Singularity the hard way

by CCC2 min read12th Dec 201230 comments


intelligent. (In fact, by far the majority of life produced by evolution appears to be bacteria, as far as I can tell. There's also a lot of beetles).

Why did evolution produce such a steep climb in human intelligence, while not so much in the case of other creatures? That, I suspect, is at least partially because as humans we are not competing against other creatures anymore. We are competing against each other.

Also, once we managed to start writing things down and sharing knowledge, we shifted off the slow, evolutionary timescale and onto the faster, technological timescale. As technology improves, we find ourselves being more right, less wrong; our ability to affect the environment continually increases. Our intellectual development, as a species, speeds up dramatically.

And I believe that there is a hack that can be applied to this process; a mechanism by which the total intelligence of humanity as a whole can be rather dramatically increased. (It will take time). The process is simple enough in concept.

 


 

These thoughts were triggered by an article on some Ethiopian children who were given tablets by OLPC. They were chosen specifically on the basis of illiteracy (through the whole village) and were given no teaching (aside from the teaching apps on the tablets; some instruction on how to use the solar chargers was also given to the adults) and in fairly short order, they taught themselves basic literacy. (And had modified the operating system to customise it, and re-enable the camera).

My first thought was that this gives an upper limit to the minimum cost of world literacy; the minimum cost of world literacy is limited to the cost of one tablet per child (plus a bit for transportation).

 


 

In short, we need world literacy. World literacy will allow anyone and everyone to read up on that which interests them. It will allow a vastly larger number of people to start thinking about certain hard problems (such as any hard problem you care to name). It will allow more eyes to look at science; more experiments to be done and published; more armour-piercing questions which no-one has yet thought to ask because there simply are not enough scientists to ask them.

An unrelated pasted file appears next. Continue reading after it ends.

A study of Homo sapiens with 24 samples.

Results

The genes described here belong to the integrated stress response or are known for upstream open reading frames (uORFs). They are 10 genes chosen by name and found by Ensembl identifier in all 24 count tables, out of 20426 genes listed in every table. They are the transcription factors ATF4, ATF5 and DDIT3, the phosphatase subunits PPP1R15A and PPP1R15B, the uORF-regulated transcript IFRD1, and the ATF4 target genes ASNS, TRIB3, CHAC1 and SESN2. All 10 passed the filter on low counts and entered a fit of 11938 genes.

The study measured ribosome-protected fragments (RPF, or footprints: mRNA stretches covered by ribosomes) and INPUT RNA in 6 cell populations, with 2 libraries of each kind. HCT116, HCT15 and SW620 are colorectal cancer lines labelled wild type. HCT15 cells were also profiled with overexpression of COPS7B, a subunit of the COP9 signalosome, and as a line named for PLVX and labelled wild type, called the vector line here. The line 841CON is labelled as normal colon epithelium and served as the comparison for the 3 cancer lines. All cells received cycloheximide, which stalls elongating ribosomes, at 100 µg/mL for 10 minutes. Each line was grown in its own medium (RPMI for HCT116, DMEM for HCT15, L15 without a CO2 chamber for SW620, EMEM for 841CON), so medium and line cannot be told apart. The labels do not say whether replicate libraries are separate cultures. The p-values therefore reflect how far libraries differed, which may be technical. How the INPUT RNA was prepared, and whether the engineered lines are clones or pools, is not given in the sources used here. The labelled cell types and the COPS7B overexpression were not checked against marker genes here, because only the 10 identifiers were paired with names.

World literacy would improve the technological progress of humanity; and probably, after enough generations, result in a humanity who we would, by todays standards, consider superhumanly intelligent. (This may or may not necessitate direct brain-computer interfaces)

The aim, therefore, is to allow humanity, and not some human-made AI, to go *foom*. It will take some significant amount of time - following this plan means that our generation will do no more than continue a process that began some millions of years ago - but it does have this advantage; if it is humanity that goes *foom*, then the resulting superintelligences are practically guaranteed to be human-Friendly since they will be human. (For the moment, I discard the possibility of a suicidal superintelligence).

It also has this advantage; the process is likely to be slow enough that a significant fraction of humanity will be enhanced at the same time, or close enough to the same time that none will be able to stop any of the others' enhancements. This drastically reduces the probability of being trapped by a single Unfriendly enhanced human.

The main disadvantage is the time taken; this will take centuries at the least, perhaps millenia. It is likely that, along the way, a more traditional AI will be created.